Why Do Cats Arch Their Back? Curious Cat Facts

Behavior October 29, 2021



However, there are several more scenarios in which your cat will arch its back, turning into a top contortionist of the animal kingdom.

Stretching Out

The internet is full of exercises that you can do at your office desk, using nothing but a swivel chair. This is because humans aren’t sedentary creatures, so we get stiff after staying in the same position for hours.

Cats are similar to us in this aspect, as they like to stretch having napped for hours. However, unlike us, their bodies are way more flexible. If you have ever attempted to subdue your cat by grabbing by the collar/neck, then you know it can wiggle out of the tightest of grips.

Types Of Stretches

Cats take so many short naps throughout the day and stretch after each nap.

If you have paid attention closely, you might have noticed that cats stretch in more than one manner. The usually stretching involves lowering the head and chest, arching their back, and putting the tail high up in the air.

The second stretch is the one where the animal’s hind legs stretch backward, while the front legs support the weight of the body. Of course, the most iconic feline stretching is the one where the animal arches its back, usually accompanied by a yawn.

Warding Off Potential AggressorsCat’s arched back is part of the animal’s body language and when a cat isn’t stretching, it is probably getting ready for a fight. When it feels threatened, the cat arches its back and demonstrates piloerection, i.e. the hair on its back stands up.

The purpose of the pose doesn’t differ from the rest of the animal kingdom: to appear bigger, so potential enemies would back down. Peacocks fan out their feathers, lizards use head frills, and cats arch their back. These are all examples of deimatic behavior which animals display when they are threatened, yet lack a strong defense.

This unique feline pose has become part of popular folklore over the centuries. Today, Halloween decorations aren’t complete without an image of a hissing cat with an arched back. The pose is scary because this is the cat’s last line of defense, because if it fails, you know there is going to be scratching and biting.

Being Playful

Cats stretch to get their muscles moving again after periods of inactivity

Apart from being a serious warning sign, a cat can arch its back while playing. When the animal is evidently in a good mood, like when it is preparing to jump at a colorful toy, it might arch its back as a sign of being seriously involved in the game.At times like this, when there is no hissing or growling, an arched back is a sign of playfulness. When paired up with pouncing, running, and hopping, this pose indicated that the animal actually likes the human, another cat, or a toy they are playing with.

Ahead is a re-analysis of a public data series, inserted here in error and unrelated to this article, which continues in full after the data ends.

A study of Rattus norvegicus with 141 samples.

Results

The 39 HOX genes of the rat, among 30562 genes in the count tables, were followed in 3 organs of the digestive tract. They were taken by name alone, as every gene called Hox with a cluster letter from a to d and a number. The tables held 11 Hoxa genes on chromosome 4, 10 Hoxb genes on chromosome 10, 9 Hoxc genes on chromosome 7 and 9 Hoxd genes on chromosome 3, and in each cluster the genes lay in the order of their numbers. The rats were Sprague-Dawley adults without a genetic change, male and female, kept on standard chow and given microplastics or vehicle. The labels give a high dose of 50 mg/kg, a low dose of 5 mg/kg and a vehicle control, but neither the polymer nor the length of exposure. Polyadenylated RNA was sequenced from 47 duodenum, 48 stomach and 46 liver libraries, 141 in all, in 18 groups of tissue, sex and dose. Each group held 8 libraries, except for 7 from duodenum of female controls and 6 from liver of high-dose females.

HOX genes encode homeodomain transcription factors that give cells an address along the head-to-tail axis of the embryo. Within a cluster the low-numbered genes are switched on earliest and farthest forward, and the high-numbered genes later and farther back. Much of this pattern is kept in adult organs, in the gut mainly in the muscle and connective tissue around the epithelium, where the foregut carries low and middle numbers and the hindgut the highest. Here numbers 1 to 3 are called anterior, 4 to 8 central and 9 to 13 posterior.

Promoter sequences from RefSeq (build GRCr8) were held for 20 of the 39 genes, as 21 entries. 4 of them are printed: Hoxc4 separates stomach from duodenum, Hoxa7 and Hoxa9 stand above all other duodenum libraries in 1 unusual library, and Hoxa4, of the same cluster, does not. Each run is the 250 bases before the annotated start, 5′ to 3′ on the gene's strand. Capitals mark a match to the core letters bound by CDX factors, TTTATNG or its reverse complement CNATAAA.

Do Big Cats Arch Their Back?

Unlike domestic cats, their wild relatives, such as tigers, lions, and leopards don’t arch their backs. Since big cats are predators themselves, they don’t feel the need to arch their back as a defensive strategy. When faced with a serious threat, they rather run away.

How Should Humans React To The Cat’s Arched Back?

When a cat arches its back after taking a nap or while chasing a rubber toy around the house, there is no need for concern. The sight is a true spectacle you can post on a social media platform, such as TikTok or Twitter. In fact, many cats have become famous that way, with personal accounts and millions of followers!

On the other side, when an arched back is accompanied by hissing, growling, a display of teeth, and spitting, you better stay away. This means that the animal feels as if it had been cornered, so it will stop at nothing to defend itself.

Apart from the most usual threats, such as being chased by a dog or encountering a wild animal (e.g. a snake or a coyote), sometimes a child or an overly friendly adult can provoke this reaction.

If they aren’t up for cuddling, cats will run away, growl, make a hissing sound, and ultimately arch their back to drive away pesky humans. Once a cat does this, slowly back away and leave the cat alone or instruct another individual to do so.

There is no simple answer to the question of why do cats arch their backs. In most cases, this is a defensive move aimed at warding off potential attackers, while at other times, it’s a sign of the cat being over-playful. Finally, when a cat arches its back after a long nap, then it’s simply stretching, much like humans do.

Frequently Asked Questions

Why do cats arch their back when you pet them?

They are content. Just like it arches its back when playing, your cat will use the same body language to convey contentment that they are caressed by humans. In this case, an arched back is often accompanied by purring. 

What does it mean when a cat raises its back?

It depends on the circumstances but more often than not, it is a defensive move to ward off potential aggressors. In other instances, a cat will arch its back having slept for hours or it will sometimes do so during playtime.

Why do cats arch their back and walk sideways?

Cats perform this action when they are scared and ready to fight. The sideways movement is an attempt to unnoticeably escape a dangerous situation without having to resort to using its claws and teeth. A cat does this when it is faced with an overwhelming foe, such as a human or a natural predator.

What is it called when a cat arches its back?

The arching of the back doesn’t have a name of its own but when the cat raises its back hair that is called a piloerection (from the Latin pilus – “hair” and erigo“to set up, lift”). The bristling of a cat’s hair is the human equivalent of getting goosebumps.